Transit Moves Beyond Atlanta

This week’s Courier Herald column:

Last week Governor Nathan Deal assembled state leaders at Georgia’s Capitol for an announcement. The State would be contributing $100 Million toward building Bus Rapid Transit on Georgia 400 through North Fulton County. The money will leverage $184 Million in Federal Funds granted to build express lanes from I-285 to McFarland Road, bringing traffic relief to one of Georgia’s fastest growing and most congested corridors.

Bus Rapid Transit operates similar to trains, but the vehicles ride on tires instead rails, allowing for more flexibility of deployment. They also can share lanes with other cars, as they will in the planned toll lanes on Georgia 400. The tolls are key to financing new and expensive projects such as this one. Riders in cars will ultimately pay for much of the project’s estimated $1.8 Billion price tag.

The state’s contribution to the transit component is in conjunction with MARTA and Fulton County. It is committed before the new regional governing body “The ATL” becomes both the regional governing body for transit planning as well as the conduit for additional state funding. Consider it a tangible nod to those who have paid for the existing MARTA infrastructure before additional funding becomes a more regional discussion.

Many reading this column are doing so in publications that are well outside of Metro Atlanta and are likely wondering what is in this for them. Transportation – including transit – is a statewide function, as Georgians’ mobility is not limited to travel within county lines. It’s proper and correct for the state to spend some time focused on solving problems in the Atlanta region. One in five Georgians live in a current MARTA county. One in Three live in the five counties covered under the original MARTA act. One out of every two Georgians live in a county covered by The ATL.

The rest of Georgia has not been forgotten, however. While the word “transit” doesn’t mean exactly the same thing in the rest of Georgia, other non-Atlanta metropolitan areas have mass transit needs. Rural Georgia still struggles with mobility issues in getting people to job training, employment centers, and to non-emergency medical care.

The law creating The ATL was based in large part on work done by a House study committee on transit governance and funding. Observers should note that it, and also the House Rural Development Council, were created as two-year standing committees. Each are currently one year into their existence. It’s half time, with work remaining on the table.

The House Transit study committee will meet again this week, resuming their work. They will begin the task of studying the proper state role in funding and governance for non-Atlanta transit systems, as well as ways to improve operation and efficiency of mobility in rural Georgia. These issues are a bit more complex, as the problems must be clearly defined before solutions can be considered.

It’s no accident that rural mobility solutions were not moved as legislation at the same time as Atlanta’s transit issues. Memories of 2012’s regional T-SPLOST referendums remain with many “what not to do” lessons learned for many at the capitol. Attempts to solve Atlanta’s congestion problem caused voter confusion for those who voted against unrelated ballot measures in some of the most rural parts of the state.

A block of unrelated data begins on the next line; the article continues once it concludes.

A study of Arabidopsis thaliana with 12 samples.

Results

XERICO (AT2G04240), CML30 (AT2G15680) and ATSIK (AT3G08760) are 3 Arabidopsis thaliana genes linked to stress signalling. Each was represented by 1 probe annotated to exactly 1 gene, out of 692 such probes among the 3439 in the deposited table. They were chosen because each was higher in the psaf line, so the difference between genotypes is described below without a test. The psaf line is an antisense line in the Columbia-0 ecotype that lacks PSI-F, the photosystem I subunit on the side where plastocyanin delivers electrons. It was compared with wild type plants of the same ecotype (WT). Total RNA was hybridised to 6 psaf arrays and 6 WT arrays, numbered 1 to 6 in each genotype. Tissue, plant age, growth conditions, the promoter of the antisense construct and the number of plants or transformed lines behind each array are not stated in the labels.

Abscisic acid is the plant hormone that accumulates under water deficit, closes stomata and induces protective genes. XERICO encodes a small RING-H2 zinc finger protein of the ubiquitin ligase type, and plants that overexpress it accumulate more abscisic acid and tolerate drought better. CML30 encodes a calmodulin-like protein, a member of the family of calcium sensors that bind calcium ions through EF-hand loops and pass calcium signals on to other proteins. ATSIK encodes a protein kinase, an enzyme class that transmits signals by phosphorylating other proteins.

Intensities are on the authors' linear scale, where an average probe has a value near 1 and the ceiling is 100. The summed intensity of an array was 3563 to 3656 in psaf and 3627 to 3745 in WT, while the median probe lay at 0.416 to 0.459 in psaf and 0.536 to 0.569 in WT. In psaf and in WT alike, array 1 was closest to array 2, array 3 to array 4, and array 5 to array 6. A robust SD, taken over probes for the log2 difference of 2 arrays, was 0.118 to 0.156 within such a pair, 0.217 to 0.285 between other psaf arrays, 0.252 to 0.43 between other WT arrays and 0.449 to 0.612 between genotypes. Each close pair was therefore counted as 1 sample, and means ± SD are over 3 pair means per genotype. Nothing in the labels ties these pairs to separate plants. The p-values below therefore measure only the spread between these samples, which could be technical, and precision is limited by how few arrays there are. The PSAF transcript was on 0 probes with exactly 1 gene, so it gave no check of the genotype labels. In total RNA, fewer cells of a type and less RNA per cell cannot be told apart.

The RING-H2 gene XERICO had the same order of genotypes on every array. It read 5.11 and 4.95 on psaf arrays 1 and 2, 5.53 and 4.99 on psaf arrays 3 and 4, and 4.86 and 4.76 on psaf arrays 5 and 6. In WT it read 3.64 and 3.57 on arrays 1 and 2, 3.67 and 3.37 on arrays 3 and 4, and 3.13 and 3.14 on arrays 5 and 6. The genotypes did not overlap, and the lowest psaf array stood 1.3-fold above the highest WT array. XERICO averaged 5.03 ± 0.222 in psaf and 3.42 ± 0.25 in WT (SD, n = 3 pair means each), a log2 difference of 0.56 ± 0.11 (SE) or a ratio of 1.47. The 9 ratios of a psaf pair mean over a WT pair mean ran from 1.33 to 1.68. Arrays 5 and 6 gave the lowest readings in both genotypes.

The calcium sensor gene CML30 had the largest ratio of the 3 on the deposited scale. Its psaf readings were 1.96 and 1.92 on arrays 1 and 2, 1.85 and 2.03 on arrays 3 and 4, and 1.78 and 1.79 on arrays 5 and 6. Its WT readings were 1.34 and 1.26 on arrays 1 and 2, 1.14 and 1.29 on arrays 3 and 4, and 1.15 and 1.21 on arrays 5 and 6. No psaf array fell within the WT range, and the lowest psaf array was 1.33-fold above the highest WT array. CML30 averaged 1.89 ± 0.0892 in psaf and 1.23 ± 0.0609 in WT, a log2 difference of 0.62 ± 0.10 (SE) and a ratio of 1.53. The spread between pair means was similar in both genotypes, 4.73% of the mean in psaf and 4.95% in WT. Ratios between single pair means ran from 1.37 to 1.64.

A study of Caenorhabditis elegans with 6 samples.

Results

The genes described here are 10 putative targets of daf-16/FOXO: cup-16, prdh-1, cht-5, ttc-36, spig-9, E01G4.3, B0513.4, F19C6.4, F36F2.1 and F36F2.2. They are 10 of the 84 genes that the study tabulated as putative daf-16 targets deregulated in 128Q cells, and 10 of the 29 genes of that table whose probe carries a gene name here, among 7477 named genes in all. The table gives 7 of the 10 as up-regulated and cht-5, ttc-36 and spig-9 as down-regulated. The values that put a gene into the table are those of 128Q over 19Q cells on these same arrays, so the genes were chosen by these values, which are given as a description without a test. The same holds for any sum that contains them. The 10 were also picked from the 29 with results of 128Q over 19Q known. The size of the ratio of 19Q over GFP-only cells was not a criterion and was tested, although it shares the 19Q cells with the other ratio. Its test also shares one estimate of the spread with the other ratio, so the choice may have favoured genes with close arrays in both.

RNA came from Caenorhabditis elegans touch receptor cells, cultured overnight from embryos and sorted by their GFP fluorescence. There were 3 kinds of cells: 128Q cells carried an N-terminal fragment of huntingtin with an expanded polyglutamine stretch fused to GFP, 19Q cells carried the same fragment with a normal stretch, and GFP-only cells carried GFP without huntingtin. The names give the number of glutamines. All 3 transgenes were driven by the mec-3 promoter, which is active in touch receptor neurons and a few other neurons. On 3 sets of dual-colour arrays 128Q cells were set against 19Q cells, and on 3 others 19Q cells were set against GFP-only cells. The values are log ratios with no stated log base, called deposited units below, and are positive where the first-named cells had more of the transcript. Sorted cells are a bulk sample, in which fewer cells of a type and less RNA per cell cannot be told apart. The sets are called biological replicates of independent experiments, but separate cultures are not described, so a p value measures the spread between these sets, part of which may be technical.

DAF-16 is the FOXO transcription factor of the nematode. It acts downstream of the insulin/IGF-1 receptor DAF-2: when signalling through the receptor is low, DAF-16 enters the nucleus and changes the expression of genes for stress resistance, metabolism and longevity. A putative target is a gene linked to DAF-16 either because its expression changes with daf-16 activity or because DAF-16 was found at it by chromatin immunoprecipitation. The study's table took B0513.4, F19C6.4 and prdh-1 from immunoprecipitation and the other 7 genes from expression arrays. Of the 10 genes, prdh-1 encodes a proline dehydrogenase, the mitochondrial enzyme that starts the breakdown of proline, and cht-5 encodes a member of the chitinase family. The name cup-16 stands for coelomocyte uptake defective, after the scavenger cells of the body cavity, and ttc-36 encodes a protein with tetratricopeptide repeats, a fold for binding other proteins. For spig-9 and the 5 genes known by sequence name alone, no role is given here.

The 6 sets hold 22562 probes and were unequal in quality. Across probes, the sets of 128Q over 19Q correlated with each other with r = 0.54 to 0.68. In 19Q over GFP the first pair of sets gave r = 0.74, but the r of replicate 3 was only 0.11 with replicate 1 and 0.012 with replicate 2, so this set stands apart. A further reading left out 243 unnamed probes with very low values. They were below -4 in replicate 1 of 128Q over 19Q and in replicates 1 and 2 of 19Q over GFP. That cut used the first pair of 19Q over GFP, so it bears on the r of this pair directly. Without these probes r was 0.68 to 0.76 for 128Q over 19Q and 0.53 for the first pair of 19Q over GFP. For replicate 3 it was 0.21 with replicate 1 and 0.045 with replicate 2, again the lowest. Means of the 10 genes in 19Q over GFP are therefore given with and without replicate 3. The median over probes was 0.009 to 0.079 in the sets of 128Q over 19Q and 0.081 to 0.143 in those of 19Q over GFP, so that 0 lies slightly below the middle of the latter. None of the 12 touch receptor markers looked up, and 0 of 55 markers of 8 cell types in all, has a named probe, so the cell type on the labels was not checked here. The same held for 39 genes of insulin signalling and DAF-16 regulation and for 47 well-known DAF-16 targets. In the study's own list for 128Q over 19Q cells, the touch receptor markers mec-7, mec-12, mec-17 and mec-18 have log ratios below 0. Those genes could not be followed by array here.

Instead, other proposals from the Rural Development Council were moved to solve some issues of rural Georgia while the focus for Atlanta was for congestion relief. This year, with the Atlanta solution clearly defined, the mobility issues unique to the rest of Georgia can be fully explored and solutions proposed.

The rationale to solve this problem will be familiar to those who followed the debate over Atlanta’s transit future. It is one of economic development and quality of life. Employers want to have access to workers that must be able to reach them easily and reliably. Residents must have access to reach their jobs, to education centers, and to health care.

Transit and mobility issues will continue to dominate Georgia politics. This year, however, the focus will be well beyond those who live in Atlanta.


Charlie Harper is the publisher of GeorgiaPol.com and the Executive Director of PolicyBEST, which focuses on policy issues of Business Climate, Education, Science & Medicine, and Transportation.

ScottNAtlanta

Bus Rapid Transit (BRT) by definition should have its own ROW (right of way), or its just another bus. Politicians do this all the time to try to make people think they are getting something they are not.
BRT has its own lane
BRT has traffic signal control (t changes the light when it crosses)
It does NOT share lane with cars, and thus like rail, it does not have to deal with traffic.
This is just another bus by a fancier (and incorrect) name

armanidog
armanidog

For rural Georgia, Georgia Medicaid has a non-emergency transportation program for clients. Contractors provide the vehicle and driver. Perhaps expand that program for non-Medicaid patients?
Rural road transportation to and from work seems impossible with various work hours and destinations involved. I could see buses providing the transportation but they would be very expensive for someone making $10-$15. They would have to be subsidized by the state in order to be cost effective for the employee.

Dave Bearse
Dave Bearse

Transit is a much tougher row to hoe in rural areas. Trips are very scattered. There’s no congestion benefit to promote it to non-users. The flip side of that is rural transit requires little fixed infrastructure. The flip side to the flip side is that is that users would almost exclusively be poor and disabled making it welfare.

Is the solution, as has been derided in the case of education for the poor, going to be more money?